They're back. After world tours, gold and platinum records, Phil Mogg and U.F.O. have returned with a new album "Ain't Misbehavin," on a new label for them - Metal Blade.
We spoke with vocalist Phil Mogg about his return to the world of music.
Q - You started U.F.O. way beck in 1971. What's been the single biggest change in the music industry that you've noticed?
A - I don't know. Not a lot really. I don't think it's changed that much at all. It's kind of the same sort of trends come and go. I think it tries to look a little bit more respectable than it did, but I don't really think it is.
Q - You were the opening act for Ozzy in 1982. What do you remember about that tour?
A - That was the Randy Rhoads Tour. It was good. Only the sudden death thing which sort of finished it off for a month in between.
Q - Since U.F.O. had been around awhile, was there any resentment in being an opening act?
A - Oh, no. Not at all. It makes common sense to have it like that; at that point it was a bit like, business is business.
Q - U.F.O. first enjoyed major success in France, Germany and Japan. Do you have any idea why those 3 countries took to you in such a big way?
A - The main reason for that is because we did, particularly in Japan and Germany, we did an album in late 71, early 72, a cheap, budget thing, a 4 track. It got released. We had a Top Ten Single in Japan with that and a hit in Germany. And that was before we even joined Chrysalis. So we did all the ground work through Europe, before we even came to America. We first came here when we had the Phenomenon thing out on Chrysalis, which was about 78. So, we'd done all that groundwork before.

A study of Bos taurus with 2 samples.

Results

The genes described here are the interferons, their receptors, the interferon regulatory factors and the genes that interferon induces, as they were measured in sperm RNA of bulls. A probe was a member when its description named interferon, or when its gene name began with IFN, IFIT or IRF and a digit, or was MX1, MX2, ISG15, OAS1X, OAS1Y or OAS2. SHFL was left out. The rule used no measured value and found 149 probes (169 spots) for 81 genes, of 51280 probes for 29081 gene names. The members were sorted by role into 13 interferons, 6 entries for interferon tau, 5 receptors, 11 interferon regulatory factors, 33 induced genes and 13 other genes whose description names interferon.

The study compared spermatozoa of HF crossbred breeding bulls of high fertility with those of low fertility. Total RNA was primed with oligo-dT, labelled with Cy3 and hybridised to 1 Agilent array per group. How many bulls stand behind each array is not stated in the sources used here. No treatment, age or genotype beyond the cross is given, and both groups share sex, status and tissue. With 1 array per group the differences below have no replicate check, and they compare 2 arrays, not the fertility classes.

Q - Is it true that your own country Great Britian has ignored U.F.O. and it's been an uphill battle in the U.S. for the band to gain recognition?
A - No. That's not true. We've always done very well there. Whether we've been playing clubs or the larger venues. Although, it really kicked off about the 'Lights Off period, from that album. It's a bit like instead of doing one night at Hammersmith, you could do four. That was the difference.
Q - You recorded for Chrysalis which was a smaller major label. Now you're with Metal Blade which is a major independent label. Is Metal Blade able to promote your music more aggressively than Chrysalis?
A - I would think so. Yeah. Our relationship with Chrysalis was good, but as far as, if you look at the Chrysalis roster, except for Ten Years After and Jethro Tull, which was a long time ago, they've never really successfully promoted a rock act. They've got Pat Benatar and Billy Idol, but Pat Benatar is hardly rock rock. She is rock. I say it's much more preferable.
Q - Your record co. bio. claims that U.F.O. is one of the classic rock bands of all time.....
A - I must've written that (laughs).
Q - Delivering timeless rock that helped define the hard rock style.
A - Don't believe bios.
Q - When I think of groups that helped define the hard rock style, I think of Black Sabbath or Led Zeppelin. Was U.F.O. around at all in the late 60's? Where do you fit in that category?
A – We got together. We did the Marquee Club, and recorded an album. We more or less came after those groups. I would say a good five years after they established themselves in any kind of shape or form.
© Gary James All Rights Reserved
Gary James has interviewed over 1200 entertainment personalities since 1978.
During that time, he has Interviewed everyone from Donny Osmond to Ozzy Osbourne, from Henry Mancini to Kiss.